A Richland native is being mentioned as a top candidate to replace U.S. Attorney General Eric Holder.
Many in Washington, D.C., are focusing on Kathryn Ruemmler, a former White House counsel who recently returned to private practice, as possibly the next attorney general, according to the New York Times.
Ruemmler, 43, is a 1989 Richland High School graduate.
She is considered a highly trusted adviser to President Obama and helped guide his thinking on issues like gay rights, the Affordable Care Act and the reach of executive authority during her time as the president's top lawyer from 2011-14, the Times said. She is one of only three women to serve as White House counsel.
"I hope to ably represent my family and friends in the Tri-Cities and make them proud," she said in an email at the time.
She oversaw a team of 45 attorneys in the White House, while providing Obama with advice on domestic and international issues, including national security, according to her firm's website. She worked on cases heading to the U.S. Supreme Court and was responsible for the selection and nomination process for federal judges.
Ruemmler forged a prominent legal career that includes serving as principal deputy counsel in the White House under Bob Bauer from January 2010 to June 2011, according to Herald archives.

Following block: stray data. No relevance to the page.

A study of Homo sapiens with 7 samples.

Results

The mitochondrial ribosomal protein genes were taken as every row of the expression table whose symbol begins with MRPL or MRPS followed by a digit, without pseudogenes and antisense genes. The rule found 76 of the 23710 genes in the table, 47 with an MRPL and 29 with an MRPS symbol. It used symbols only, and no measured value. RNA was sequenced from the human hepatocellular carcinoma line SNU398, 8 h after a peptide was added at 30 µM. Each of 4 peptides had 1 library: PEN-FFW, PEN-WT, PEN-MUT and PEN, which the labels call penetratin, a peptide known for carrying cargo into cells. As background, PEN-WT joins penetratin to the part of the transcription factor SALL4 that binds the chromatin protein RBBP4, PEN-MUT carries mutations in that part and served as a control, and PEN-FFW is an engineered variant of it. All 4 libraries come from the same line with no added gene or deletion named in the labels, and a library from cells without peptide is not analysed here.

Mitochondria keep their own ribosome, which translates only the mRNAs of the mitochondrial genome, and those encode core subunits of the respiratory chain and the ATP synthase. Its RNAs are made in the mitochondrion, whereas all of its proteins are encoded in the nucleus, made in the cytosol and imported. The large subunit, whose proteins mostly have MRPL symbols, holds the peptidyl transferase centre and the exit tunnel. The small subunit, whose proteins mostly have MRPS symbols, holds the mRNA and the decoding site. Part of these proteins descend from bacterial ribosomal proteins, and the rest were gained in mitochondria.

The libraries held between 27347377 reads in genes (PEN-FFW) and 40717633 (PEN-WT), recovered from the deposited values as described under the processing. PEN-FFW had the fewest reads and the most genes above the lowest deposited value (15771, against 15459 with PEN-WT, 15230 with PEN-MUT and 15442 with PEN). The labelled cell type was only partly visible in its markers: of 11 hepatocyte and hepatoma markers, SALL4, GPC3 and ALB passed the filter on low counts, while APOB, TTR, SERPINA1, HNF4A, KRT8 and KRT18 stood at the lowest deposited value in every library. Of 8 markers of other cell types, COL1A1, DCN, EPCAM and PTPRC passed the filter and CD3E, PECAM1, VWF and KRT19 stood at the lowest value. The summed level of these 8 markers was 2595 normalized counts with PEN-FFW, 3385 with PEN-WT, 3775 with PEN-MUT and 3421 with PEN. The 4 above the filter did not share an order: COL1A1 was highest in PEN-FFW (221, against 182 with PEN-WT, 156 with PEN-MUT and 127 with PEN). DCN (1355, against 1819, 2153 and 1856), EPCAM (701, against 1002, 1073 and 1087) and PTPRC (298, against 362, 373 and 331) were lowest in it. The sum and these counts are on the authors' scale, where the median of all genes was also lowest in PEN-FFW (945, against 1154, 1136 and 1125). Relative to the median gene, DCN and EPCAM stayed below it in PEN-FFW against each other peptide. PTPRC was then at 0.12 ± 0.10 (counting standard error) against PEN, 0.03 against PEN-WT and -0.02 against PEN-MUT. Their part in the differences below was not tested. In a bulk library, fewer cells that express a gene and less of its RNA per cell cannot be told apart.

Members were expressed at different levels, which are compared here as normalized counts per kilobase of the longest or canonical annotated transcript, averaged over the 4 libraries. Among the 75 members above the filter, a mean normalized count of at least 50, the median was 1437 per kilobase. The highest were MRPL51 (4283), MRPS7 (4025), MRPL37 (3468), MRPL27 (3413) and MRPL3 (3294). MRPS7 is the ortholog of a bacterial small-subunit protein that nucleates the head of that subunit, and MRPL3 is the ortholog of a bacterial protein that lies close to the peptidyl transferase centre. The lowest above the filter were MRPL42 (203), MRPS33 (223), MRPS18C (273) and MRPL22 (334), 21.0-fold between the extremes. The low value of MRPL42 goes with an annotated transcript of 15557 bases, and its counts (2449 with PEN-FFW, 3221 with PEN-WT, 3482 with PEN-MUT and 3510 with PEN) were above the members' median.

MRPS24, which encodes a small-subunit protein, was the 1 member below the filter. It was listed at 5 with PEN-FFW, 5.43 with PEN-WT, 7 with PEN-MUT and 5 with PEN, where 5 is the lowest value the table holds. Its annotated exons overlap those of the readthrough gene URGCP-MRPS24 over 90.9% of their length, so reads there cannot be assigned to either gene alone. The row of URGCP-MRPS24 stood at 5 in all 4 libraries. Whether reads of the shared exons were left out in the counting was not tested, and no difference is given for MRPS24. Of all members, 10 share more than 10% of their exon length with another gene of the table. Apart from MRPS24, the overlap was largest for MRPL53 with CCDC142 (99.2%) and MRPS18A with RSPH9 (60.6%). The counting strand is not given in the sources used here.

Prior to that, she worked under the Obama administration in the Department of Justice as principal associate deputy attorney general.
Ruemmler was associate counsel to President Clinton from 2000-01.
After that she worked in private practice and as an assistant U.S. Attorney in Washington, D.C., and later as one of the lead prosecutors on the Enron Task Force. According to her firm's website, she made closing arguments in the securities fraud case against the former leaders of the disgraced energy company.
In May 2014, Ruemmler returned to the law firm Latham & Watkins, where she worked from 2007-09 as a partner in the litigation department and the co-chairwoman of the white collar defense and investigations practice.
Her honors include winning the National Association of Women Lawyers' Public Service Award in 2014 and being named Lawyer of the Year by the Bar Association of the District of Columbia.
Ruemmler has won over skeptical Republicans, the Times said, but if nominated, she likely would face questions about advice she gave on the IRS scandal and the attacks in Benghazi, Libya.
Holder announced his resignation Thursday after six years as attorney general but plans to stay on until a successor is named.